In the room the women come and go
Talking of Michelangelo.
– T.S. Eliot, “The Love Song of J. Alfred Prufrock”
At the event I referenced in my last post, a young man, during the question period, made a claim which I now include in my list of current, clichéd observations and comments: “we are the most educated generation in the history of the world”, or something to that effect. Please don’t get me wrong: I’m not trying to disparage the young man and his offering. I’m simply using his assertion as an example of how public discourse easily avoids real scrutiny when the opinions expressed run in concert with the reigning orthodoxy.
The second topic of my opening comments (the first having been credential creep) was what I have dubbed the “positivity myth”, more for convenience sake than for any inherent value. I’m trying to capture a sense of a phenomenon we see in so many arenas in our modern world, one where certain things, while they might be subject to certain mild criticisms, are held to be essentially unassailable truths. And the irony is, they may very well be either true or expressions of admirable aspirations.
The problem I have arises when someone (usually me) tries either to challenge or to qualify such “truths”. Not the least among those truisms would be any configuration that asserts the value of an education. If my theory is correct in any way, if you are reading this, somewhere inside a little voice is saying: “surely he isn’t going to say that education isn’t important?” Even to countenance such a thought might make you uncomfortable. Hopefully, my concern re education has been made clear even if certain of the specifics may yet require explanation. That, after all, is my persistent premise: we live in a world too ready to accept the pat answer, the clichéd solution, or the comfortable optimism of the purveyors of modern positive-thinking, self-help mantras (I’m thinking of the Deepak Chopras, the Tony Robbins, and others of a similar ilk).
So this young man’s claim to being a member of the most educated generation in history would ordinarily be a throwaway (others heard later would include “government has a role to play in education”, “we need to foster innovation and creativity”, “strategic investments in education will pay dividends”, etc.), but I found it provocative in light of my interests so I challenged his claim on the most basic of grounds: what do you mean? In other words, what underlying assumptions are you making regarding the educational attainments of previous generations, the quality and/or relevance of whatever education you attained, and other factors too numerous to list?
After a pause, the young man smiled, nodded some form of acknowledgement and I moved on with my comments. As the discussion proceeded throughout the morning, the cavalier use of the word “education” became all the more apparent. Whether we know it or not, when we find ourselves in such public forums, any number of unstated assumptions are in play. Foremost in an environment such as the one for this symposium stands the meaning of education. Just about everyone assumes that we don’t need to spend any time defining such a commonly used word; we KNOW what education is – let’s move on.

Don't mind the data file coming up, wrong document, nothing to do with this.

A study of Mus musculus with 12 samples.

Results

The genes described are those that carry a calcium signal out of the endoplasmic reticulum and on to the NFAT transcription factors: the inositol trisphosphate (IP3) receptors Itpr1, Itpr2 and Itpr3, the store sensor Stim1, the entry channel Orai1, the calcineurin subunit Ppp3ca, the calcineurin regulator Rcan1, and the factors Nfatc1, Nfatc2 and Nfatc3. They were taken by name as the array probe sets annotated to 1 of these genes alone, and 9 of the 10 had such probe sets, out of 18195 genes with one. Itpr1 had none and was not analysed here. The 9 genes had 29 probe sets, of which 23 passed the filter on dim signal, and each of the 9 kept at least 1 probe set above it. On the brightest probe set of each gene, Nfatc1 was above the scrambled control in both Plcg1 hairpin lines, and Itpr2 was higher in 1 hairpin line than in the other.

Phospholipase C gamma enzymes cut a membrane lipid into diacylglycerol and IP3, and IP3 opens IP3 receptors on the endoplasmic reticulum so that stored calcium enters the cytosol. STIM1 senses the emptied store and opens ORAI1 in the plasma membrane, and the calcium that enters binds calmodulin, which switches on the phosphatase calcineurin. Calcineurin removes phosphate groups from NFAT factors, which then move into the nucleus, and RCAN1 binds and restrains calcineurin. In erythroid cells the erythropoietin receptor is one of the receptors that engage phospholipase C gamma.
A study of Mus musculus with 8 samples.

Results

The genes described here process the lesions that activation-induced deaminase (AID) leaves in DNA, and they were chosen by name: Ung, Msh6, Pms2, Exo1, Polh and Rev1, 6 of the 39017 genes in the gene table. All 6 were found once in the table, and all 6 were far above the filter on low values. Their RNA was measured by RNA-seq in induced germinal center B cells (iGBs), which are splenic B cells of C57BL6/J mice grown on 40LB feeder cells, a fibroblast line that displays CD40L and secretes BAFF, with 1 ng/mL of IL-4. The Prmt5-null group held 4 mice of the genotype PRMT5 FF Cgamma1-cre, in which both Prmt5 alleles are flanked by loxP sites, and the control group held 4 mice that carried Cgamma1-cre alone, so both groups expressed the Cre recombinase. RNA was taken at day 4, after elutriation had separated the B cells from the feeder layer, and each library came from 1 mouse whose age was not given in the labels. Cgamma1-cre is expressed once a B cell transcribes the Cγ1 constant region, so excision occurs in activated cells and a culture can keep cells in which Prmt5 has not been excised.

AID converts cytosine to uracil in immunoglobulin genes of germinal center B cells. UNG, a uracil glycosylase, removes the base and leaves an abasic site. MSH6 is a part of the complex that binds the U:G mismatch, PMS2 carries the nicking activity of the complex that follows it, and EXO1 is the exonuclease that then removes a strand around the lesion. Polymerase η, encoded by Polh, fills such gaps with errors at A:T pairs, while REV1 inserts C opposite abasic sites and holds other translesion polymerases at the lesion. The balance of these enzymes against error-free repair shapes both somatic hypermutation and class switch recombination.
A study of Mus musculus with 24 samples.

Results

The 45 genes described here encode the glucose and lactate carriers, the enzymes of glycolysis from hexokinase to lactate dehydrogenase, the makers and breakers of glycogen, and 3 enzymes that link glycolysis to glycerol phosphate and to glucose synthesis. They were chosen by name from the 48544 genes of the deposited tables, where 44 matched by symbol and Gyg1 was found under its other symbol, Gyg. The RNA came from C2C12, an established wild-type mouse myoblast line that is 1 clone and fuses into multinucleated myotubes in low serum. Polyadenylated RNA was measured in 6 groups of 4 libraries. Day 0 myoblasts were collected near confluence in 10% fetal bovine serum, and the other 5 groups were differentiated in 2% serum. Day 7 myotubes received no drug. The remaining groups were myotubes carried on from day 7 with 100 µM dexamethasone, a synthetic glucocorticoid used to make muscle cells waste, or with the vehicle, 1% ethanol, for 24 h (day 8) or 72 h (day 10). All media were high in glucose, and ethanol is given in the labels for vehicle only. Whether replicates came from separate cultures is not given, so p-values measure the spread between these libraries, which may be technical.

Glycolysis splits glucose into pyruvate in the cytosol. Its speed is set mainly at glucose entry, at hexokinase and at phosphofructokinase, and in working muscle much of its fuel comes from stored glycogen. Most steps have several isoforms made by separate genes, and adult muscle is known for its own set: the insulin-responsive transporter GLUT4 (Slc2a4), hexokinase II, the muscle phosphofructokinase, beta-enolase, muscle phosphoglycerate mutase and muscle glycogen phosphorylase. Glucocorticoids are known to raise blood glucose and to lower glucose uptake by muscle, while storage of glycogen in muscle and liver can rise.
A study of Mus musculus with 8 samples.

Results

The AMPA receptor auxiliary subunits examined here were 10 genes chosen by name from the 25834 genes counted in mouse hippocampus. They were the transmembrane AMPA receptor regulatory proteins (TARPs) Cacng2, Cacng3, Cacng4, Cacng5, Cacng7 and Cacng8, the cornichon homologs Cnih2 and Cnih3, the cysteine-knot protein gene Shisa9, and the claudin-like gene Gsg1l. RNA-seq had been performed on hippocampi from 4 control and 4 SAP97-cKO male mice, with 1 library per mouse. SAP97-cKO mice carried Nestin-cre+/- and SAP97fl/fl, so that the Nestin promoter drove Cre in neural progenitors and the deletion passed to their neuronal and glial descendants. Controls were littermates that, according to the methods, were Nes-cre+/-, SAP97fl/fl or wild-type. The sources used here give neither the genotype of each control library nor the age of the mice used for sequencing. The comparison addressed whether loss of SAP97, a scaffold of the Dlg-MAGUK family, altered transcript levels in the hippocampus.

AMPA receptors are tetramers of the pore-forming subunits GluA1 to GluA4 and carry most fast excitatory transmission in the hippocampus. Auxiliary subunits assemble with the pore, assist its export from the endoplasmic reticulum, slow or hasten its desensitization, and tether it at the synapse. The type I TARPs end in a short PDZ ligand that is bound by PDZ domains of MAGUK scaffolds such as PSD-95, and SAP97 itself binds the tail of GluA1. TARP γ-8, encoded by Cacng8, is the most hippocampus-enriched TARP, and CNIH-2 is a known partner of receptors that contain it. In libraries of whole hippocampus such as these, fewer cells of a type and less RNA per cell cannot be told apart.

Lacking a clearly defined, agreed upon definition presents a problem in its own right. When any challenge to such a “positive” assessment of our current situation conflicts with the constant demand that we be positive in all we do, how is it possible to pay real critical attention to matters at hand, whatever those matters might be? People commonly applaud such empty statements as “we need to invest in innovation”, as though simply making declarative statements equals actually providing a thoughtful approach and/or solution. Those same people will usually turn away from or dismiss any reasoned critique as though providing such a thing is inherently negative and, thus, counterproductive.
This reality stands in the way of the apocryphal “adult conversations” which we are frequently reminded we are in need of. I say apocryphal because I’m struggling to recall an occasion where one actually took place. As a general rule, our modern determination to avoid the controversial – to be “politically correct” – prevents such conversations from ever getting off the ground.
Such a conversation, if we were to have one regarding education, would need to begin with determining just what it is we are talking about. We can no longer afford to muddle along thinking that we all possess a common understanding. My experience at the symposium last week brought that home to me. If education is little more than a place where you are made ready for a job market, why do we need universities? Surely training programs with a far more targeted approach would serve us better?
Somewhere in the back of most people’s minds lingers an image of education – particularly university education – as a “higher pursuit”, the value of which goes beyond simple job preparation. Whether we are fully aware of it or not, that presumption is increasingly being challenged as universities and their defenders lose their ability to articulate just what those higher values might be. If they cannot find some way to reclaim the higher ground, universities – especially smaller ones such as UNBSJ – will be more and more servants of a mindset that says training and education are synonymous. It just so happens that I disagree with any such suggestion as it exemplifies especially well the dangers inherent in oversimplification.